Health is a state of complete physical, mental and social well-being and not merely the absence of disease or infirmity.[i]
Wellness as a multidimensional state of being, describing the existence of positive health in an individual as exemplified by quality of life and a sense of wellbeing. Several important characteristics included in this definition are: wellness is multidimensional; wellness is a state of being described as positive health; wellness is part of health; wellness is possessed by the individual; quality of life and wellbeing are the descriptors of wellness; and health and its positive component (wellness) are integrated[ii]. Determinants of wellness for Indigenous peoples have also been described; these arise from an Indigenous world view, the Medicine Wheel, and traditional knowledge, and reflect the diversity of Indigenous peoples and traditions across Canada.[iii]
Social Determinants of Health (SDOH)
According to the World Health Organization, the social determinants of health are defined as “the conditions in which people are born, grow, live, work and age. These circumstances are shaped by the distribution of money, power and resources at global, national and local levels. The social determinants of health are mostly responsible for health inequities - the unfair and avoidable differences in health status seen within and between countries”[iv].
The York University Conference Model (2002) has proven especially useful for understanding the SDOH and why some Canadians are healthier than others. Each of these social determinants of health has been shown to have strong effects upon the health of Canadians. Their effects are much stronger than the ones associated with behaviours such as diet, physical activity, and even tobacco and excessive alcohol use[v]. The 14 social determinants of health in this model are:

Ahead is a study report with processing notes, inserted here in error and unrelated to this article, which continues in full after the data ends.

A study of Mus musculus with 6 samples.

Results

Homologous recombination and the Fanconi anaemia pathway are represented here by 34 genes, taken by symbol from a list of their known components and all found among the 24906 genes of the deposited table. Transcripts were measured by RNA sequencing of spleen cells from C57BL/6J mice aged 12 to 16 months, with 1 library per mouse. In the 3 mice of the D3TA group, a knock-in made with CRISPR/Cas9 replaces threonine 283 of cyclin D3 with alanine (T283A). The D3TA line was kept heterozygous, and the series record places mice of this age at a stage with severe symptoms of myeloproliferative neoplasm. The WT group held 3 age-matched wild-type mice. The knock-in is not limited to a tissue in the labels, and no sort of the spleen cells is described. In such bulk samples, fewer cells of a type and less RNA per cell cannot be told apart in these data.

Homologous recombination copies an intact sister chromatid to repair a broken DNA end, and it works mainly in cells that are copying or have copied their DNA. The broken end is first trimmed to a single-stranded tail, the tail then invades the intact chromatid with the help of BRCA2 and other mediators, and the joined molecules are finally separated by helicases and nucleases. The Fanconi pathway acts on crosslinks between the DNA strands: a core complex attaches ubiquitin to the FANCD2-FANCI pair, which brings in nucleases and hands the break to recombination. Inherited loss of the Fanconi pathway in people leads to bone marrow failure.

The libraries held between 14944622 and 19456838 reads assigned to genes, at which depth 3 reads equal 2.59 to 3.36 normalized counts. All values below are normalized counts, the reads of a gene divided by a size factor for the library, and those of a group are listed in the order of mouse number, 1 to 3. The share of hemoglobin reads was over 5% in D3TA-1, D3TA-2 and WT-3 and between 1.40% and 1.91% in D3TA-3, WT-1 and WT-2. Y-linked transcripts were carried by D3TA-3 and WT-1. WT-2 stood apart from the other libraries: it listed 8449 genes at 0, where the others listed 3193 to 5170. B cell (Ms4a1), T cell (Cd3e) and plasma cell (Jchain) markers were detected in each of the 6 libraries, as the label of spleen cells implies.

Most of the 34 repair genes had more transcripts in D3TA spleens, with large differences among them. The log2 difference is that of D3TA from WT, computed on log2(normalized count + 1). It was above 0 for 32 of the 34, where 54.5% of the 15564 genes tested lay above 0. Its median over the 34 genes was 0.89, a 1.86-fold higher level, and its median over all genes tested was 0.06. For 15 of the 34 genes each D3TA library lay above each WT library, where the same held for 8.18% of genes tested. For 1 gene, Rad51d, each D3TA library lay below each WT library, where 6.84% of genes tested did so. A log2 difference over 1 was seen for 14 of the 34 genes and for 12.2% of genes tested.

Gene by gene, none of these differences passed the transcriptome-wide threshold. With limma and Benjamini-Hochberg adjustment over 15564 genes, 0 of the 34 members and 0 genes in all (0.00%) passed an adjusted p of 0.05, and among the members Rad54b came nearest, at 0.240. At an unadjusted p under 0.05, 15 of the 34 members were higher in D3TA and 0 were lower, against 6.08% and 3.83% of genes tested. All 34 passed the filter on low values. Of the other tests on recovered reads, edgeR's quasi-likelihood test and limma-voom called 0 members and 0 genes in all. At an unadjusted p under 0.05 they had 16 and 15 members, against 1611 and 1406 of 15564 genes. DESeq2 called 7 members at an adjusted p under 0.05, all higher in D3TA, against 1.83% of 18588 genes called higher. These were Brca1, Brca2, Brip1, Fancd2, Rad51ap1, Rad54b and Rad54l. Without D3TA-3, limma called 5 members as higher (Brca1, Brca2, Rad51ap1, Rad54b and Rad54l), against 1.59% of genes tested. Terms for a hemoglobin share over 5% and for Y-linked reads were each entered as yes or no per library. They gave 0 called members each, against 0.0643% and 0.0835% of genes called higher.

income and income distribution
employment and working conditions
social safety net
unemployment and job security
Health equity means that all people can reach their full health potential and should not be disadvantaged from attaining it because of their race, ethnicity, religion, gender, age, social class, socioeconomic status or other socially determined circumstance.[vi]
Structural violence includes colonial violence and any systemic conditions that perpetuate discrimination, oppression, stigma or powerlessness. It is a “major determinant of the distribution and outcomes of social and health inequities”. Structural violence is increasingly seen in public and population health as a major determinant of the distribution and outcomes of health inequities.[vii]
Structural inequities refer to how policies and practices embedded in systems such as social welfare, economic, justice and health care operate to produce inequitable distribution of the determinants of health.
The terms ‘marginalized,’ ‘vulnerable’ or ‘disadvantaged’ refer to the conditions and processes by which particular populations are affected by structural inequities and structural violence in ways that result in a disproportionate burden of ill health and social suffering. An emphasis should be placed on marginalizing conditions to suggest that particular populations are not inherently marginalized, rather, it is the marginalizing conditions that create and sustain inequities.